A New Nightlife Collective
An easily crowded hole-in-the-wall amidst countless other taverns and sports bars surrounding the Rutgers campus, most know the Court Tavern as one of New Jersey’s remaining steady rock venues. Walking to the back and paying the devil near the stairs his due in trade for a hand stamp and entrance into the basement is almost a rite of passage for some 21+ scene-goers. But walking in last Friday, no cover charge was necessary as the show (well…one of them) was upstairs—the pool table had been moved to open up a dance floor, and BreakNeck was dropping crunchy samples and seamless loops.
Wait, what? This was disjointed: seeing a DJ at the Court Tavern is about as comfortable as seeing Ninety-Six at Bliss. Sponsored by The Fresh Clothing (where isn’t The Fresh Clothing these days?) and Listen3D, this odd occurrence was the 44 Caliber Recordings launch event. At first impression, the launch failed to really start; there was minimal interaction with the crowd from the DJ, and no clear banner or distinct signage for 44 Caliber Recordings. Everything just kind of started abruptly and gave little indication that the event was worthy of any hype. I was underwhelmed.
However, my experience here is a bit undercooked, having left in middle of the second DJ’s set as the bar began to slowly lose comfortable standing room, and I grew tired of dodging beer pitchers swinging around me. Let’s set aside face-value impressions and consider the show to be clearly uncomfortable in the beginning for both the crowd and the DJ. He would have been remiss to try and hype a crowd that preceded his set, awkwardly pushing people to care about anything beyond their rum and cokes. In truth, starting his set without announcement created the right environment for the rest of the night to build—a solid foundation of sound.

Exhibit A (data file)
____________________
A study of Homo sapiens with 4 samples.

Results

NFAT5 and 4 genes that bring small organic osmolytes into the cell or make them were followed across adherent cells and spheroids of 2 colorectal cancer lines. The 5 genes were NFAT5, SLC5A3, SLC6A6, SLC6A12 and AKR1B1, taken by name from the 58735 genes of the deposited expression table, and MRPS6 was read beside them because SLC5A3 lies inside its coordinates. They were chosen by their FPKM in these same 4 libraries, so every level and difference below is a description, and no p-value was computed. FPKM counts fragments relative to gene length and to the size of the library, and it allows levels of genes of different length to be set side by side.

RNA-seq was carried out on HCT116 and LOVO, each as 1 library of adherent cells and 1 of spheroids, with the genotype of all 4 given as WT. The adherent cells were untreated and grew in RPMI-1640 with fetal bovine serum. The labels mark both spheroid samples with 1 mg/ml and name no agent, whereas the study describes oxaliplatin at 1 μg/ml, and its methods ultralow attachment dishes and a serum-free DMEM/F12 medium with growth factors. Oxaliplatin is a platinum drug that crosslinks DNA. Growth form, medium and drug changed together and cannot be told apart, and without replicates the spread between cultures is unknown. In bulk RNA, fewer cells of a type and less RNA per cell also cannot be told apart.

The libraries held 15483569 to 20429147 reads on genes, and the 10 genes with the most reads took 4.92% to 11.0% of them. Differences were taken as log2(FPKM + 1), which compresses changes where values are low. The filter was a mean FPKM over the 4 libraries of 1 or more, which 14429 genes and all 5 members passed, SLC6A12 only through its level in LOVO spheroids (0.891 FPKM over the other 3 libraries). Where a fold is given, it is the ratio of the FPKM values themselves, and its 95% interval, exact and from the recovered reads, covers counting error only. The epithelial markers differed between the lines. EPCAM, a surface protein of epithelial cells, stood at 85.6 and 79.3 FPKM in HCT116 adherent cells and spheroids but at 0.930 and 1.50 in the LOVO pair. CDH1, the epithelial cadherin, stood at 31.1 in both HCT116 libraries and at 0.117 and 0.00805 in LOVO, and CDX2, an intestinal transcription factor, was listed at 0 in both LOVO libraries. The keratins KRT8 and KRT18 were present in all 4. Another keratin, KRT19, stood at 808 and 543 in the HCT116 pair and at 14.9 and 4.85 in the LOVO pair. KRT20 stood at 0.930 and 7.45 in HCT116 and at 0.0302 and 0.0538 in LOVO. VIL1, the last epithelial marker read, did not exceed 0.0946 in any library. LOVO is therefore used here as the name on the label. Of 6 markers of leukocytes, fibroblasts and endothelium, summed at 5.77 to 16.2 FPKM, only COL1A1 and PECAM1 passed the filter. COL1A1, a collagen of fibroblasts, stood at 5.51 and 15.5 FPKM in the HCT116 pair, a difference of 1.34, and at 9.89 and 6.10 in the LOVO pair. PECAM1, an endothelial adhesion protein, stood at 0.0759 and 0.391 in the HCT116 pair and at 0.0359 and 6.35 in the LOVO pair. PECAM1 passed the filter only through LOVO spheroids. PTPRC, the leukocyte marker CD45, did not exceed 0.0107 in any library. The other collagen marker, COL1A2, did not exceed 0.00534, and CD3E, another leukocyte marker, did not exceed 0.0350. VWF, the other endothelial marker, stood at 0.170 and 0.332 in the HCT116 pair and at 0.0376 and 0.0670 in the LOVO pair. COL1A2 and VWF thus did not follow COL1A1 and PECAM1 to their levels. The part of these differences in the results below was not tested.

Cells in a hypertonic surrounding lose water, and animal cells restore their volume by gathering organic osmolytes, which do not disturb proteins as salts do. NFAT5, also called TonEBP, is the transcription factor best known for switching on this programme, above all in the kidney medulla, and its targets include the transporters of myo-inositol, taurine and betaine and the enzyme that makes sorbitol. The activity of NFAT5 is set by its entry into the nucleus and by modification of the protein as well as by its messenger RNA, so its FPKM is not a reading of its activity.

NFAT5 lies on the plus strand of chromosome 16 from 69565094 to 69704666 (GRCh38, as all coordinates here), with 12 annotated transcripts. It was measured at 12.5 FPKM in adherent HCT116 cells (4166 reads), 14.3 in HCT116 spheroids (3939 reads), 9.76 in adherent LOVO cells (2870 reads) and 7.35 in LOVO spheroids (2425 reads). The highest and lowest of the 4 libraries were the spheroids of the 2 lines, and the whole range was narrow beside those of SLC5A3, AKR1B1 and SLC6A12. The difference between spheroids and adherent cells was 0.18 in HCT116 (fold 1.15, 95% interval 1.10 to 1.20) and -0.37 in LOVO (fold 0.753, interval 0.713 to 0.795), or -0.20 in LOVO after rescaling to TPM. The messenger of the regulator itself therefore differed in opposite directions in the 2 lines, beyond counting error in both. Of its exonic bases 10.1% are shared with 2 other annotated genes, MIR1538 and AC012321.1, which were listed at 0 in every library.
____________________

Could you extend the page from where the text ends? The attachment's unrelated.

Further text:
Realistically, the best part of the event was probably everything I walked out on, and it wouldn’t surprise me if the party only got better. 44 Caliber Recordings isn’t composed of a couple guys who want to give DJing a try, but established performers from all over the state. DJ Alex Plus is the Loop Lounge’s Thursday night resident DJ (and one of the performers scheduled for the defunct Freak Show 3.0), and I’MD.B. (44 Caliber Recordings’ co-owner, Danny Ramos) is now in residence at Molly McGuire’s in Clark. The other two DJs, BreakNeck and RPM, have also established themselves on Soundcloud and have worked with other local artists. Collectively, this group is musically boundless, with influences ranging from hip-hop to trip-hop, electro, hardcore, progressive house, trance, and even metal. Given their intention of building a strong DIY ethic in the EDM community and giving upcoming artists a platform to showcase themselves, I would be hard-pressed to believe this talented company could be anything less than successful in their mission.
Though I may have missed the highlight of 44 Caliber’s night, the event alone is not everything the group has offered up. Just prior to the Court Tavern event, the official 44 Caliber Recordings website launched on Thanksgiving weekend, streaming their “Free-P Vol. 1,” also available for download on Bandcamp. Track two, titled “Dire Dire Docks,” is a dubbed-out version of the soundtrack from the level in Super Mario 64 bearing the same name. (Only an Ocarina of Time remix could pull harder on the heartstrings of my inner 13-year-old.) They do a good job of keeping updated and connected with everyone through the website, too—all of the DJs have started to post on the blog and tweet regularly, and their events calendar is simple and easy to read.
Clearly everything is in place for 44 Caliber Recordings, and I missed the better half of a great first step.